Below are some examples of topics for trainings provided by TrainWorks. Other topics not listed here may also be available. In addition, client- or industry-specific courses may often be developed, depending on the subject, the nature of the engagement and time restraints. Individual training on a variety of subjects is also available. Additional preparation fees will typically apply.
Time is suggested for each, but any topic can be customized at the sponsor's request.
Whether you work with wealthy clients or you plan on being a wealthy client, these courses will help you to succeed at either. Developing effective strategies to create, grow, protect and distribute wealth requires the coordination of many financial disciplines including investments, retirement planning and estate planning. These courses incorporate a mix of lecture and instructor-lead discussions that will use real-life examples to highlight various planning strategies. Participants in these courses not only gain knowledge about important wealth management issues, but they learn how to comfortably talk with their clients about these sensitive and confidential issues. Participants leave these courses with a higher level of confidence, whether working with their own financial planning matters or serving as advisers to their clients.
This course focuses on specific, practical ways to build wealth. It is designed for participants who have had limited to no exposure to financial planning concepts and may need a variety of additional information to assist clients, family members or themselves in making informed and well-conceived financial decisions. Through a combination of both lecture and case studies, the course helps participants address not only how investors should choose an appropriate asset allocation, but also how they should select other financial products such as health and life insurance. In addition, because retirement plans are so vital to the overall wealth of most Americans, the class will examine the different types of plans, including Roth 401(k)s and defined benefit plans, and explore which plans offer the greatest benefits. There is also a brief review of other topics important to most Americans, including the proper way to establish and withdraw assets from 529 Plans, as well as issues associated with Medicare and Social Security. Finally, the course will examine how the nation's wealthiest families invest their own money and how emotional issues impact investor decisions. It's often those very emotions that lead Americans to making their single biggest "investment" mistake: buying a house.
Whether taxpayers have tens of millions of dollars or a net worth that is a mere fraction of that, they share many common goals: protecting their assets from a variety of creditors, maintaining control of family spending habits and reducing taxes. This course is designed to help participants, and their clients, protect assets from creditors and eliminate, or reduce, their taxes at death. Topics include a discussion of the current transfer tax (estate and gift) structure and how those tax considerations will often influence a client's decision-making process, how failing to understand powers of attorney can lead to significant lending mistakes, and how to use a variety of asset-protection vehicles to insulate property from potential creditors, regardless of a taxpayer's wealth. In addition, the course explains various charitable-giving techniques and how taxpayers should structure those gifts depending on their charitable goals, wealth and income needs.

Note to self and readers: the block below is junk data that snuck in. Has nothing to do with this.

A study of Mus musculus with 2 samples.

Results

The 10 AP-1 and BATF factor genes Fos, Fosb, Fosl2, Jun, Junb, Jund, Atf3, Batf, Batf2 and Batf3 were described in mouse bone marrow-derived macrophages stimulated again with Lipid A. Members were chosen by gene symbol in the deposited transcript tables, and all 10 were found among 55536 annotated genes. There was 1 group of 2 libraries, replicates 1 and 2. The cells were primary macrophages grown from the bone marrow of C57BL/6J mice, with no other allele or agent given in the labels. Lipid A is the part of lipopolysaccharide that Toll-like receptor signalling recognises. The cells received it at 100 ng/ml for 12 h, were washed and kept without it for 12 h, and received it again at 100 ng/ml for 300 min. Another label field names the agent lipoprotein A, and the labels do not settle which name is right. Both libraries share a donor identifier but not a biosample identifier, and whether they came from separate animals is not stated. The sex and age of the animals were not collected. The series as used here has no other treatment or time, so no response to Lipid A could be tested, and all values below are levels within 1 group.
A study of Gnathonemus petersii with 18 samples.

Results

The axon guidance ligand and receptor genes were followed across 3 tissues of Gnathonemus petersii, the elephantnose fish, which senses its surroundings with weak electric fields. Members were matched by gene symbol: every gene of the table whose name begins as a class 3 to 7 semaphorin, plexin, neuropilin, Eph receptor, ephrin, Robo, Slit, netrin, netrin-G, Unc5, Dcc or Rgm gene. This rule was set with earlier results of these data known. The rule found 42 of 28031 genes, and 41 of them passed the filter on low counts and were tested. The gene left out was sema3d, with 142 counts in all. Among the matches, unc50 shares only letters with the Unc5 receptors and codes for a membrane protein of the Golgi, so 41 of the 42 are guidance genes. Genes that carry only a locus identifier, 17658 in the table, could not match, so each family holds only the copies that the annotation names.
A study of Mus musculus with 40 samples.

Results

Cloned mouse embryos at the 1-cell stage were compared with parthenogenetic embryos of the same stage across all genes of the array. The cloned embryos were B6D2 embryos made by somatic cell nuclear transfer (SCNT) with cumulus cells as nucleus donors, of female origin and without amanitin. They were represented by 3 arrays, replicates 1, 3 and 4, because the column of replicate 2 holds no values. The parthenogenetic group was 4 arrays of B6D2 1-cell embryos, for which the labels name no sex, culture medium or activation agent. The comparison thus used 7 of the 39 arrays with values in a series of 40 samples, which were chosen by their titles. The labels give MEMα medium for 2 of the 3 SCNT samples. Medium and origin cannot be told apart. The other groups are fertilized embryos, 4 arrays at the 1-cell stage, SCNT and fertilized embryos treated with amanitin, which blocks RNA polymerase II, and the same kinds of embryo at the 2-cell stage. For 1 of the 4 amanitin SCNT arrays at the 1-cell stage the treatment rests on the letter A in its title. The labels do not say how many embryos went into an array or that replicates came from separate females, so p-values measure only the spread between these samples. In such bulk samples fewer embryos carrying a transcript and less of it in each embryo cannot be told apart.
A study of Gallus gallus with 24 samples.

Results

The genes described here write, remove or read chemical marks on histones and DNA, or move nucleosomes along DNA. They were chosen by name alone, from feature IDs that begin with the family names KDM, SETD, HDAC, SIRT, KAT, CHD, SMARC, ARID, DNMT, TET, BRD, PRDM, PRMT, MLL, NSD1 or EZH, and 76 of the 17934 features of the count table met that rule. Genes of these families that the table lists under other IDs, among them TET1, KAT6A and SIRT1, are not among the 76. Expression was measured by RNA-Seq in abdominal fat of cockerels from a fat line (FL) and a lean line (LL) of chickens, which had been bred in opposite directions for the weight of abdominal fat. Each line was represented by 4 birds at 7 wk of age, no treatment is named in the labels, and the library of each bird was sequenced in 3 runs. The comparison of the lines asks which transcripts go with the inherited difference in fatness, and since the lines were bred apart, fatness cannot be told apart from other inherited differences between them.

Although some recent scandals may seem like isolated events, managers and employees in virtually every industry and at virtually every level will encounter many of those same dilemmas. Ethical dilemmas are simply not confined to the nation's largest companies and educational institutions nor do they always involve multi-million dollar outcomes. On the contrary, many Americans, even the ones who are the most critical of corporate executives accused of taking company money, will often make similar decisions in both their personal and professional lives. While the financial impact may be smaller, the underlying decisions are ultimately the same. In this course, both theoretical principles and real-life examples are used to identify ethical situations that all Americans encounter—both individually and in their careers. In addition to examples, the course will also examine some of the reasons that psychologists think form the basis of differing ethical standards among both individuals and businesses, as well as several court decisions that reflect ethical lapses by industry leaders, and the attorneys, accountants and financial consultants who advise them.
Sometimes we all forget that marketing and selling services, especially to affluent clients, are contact sports. Yet, research consistently shows that, regardless of the industry, most clients leave their service providers because of communication issues—not fees, products or company location. In this interactive presentation, participants will learn the importance of contacting clients, what clients and customers are really thinking, and how to use that knowledge to increase customer satisfaction and customer sales. This course is designed for employees in the financial service industry-private bankers, investment advisers, customer service personnel and lenders—who may see prospects regularly but who may have a limited understanding of the opportunities those encounters present.
Other topics not listed here may also be available. In addition, client- or industry-specific courses may often be developed, depending on the subject, the nature of the engagement and time restraints. Individual training on a variety of subjects is also available. Additional preparation fees will typically apply.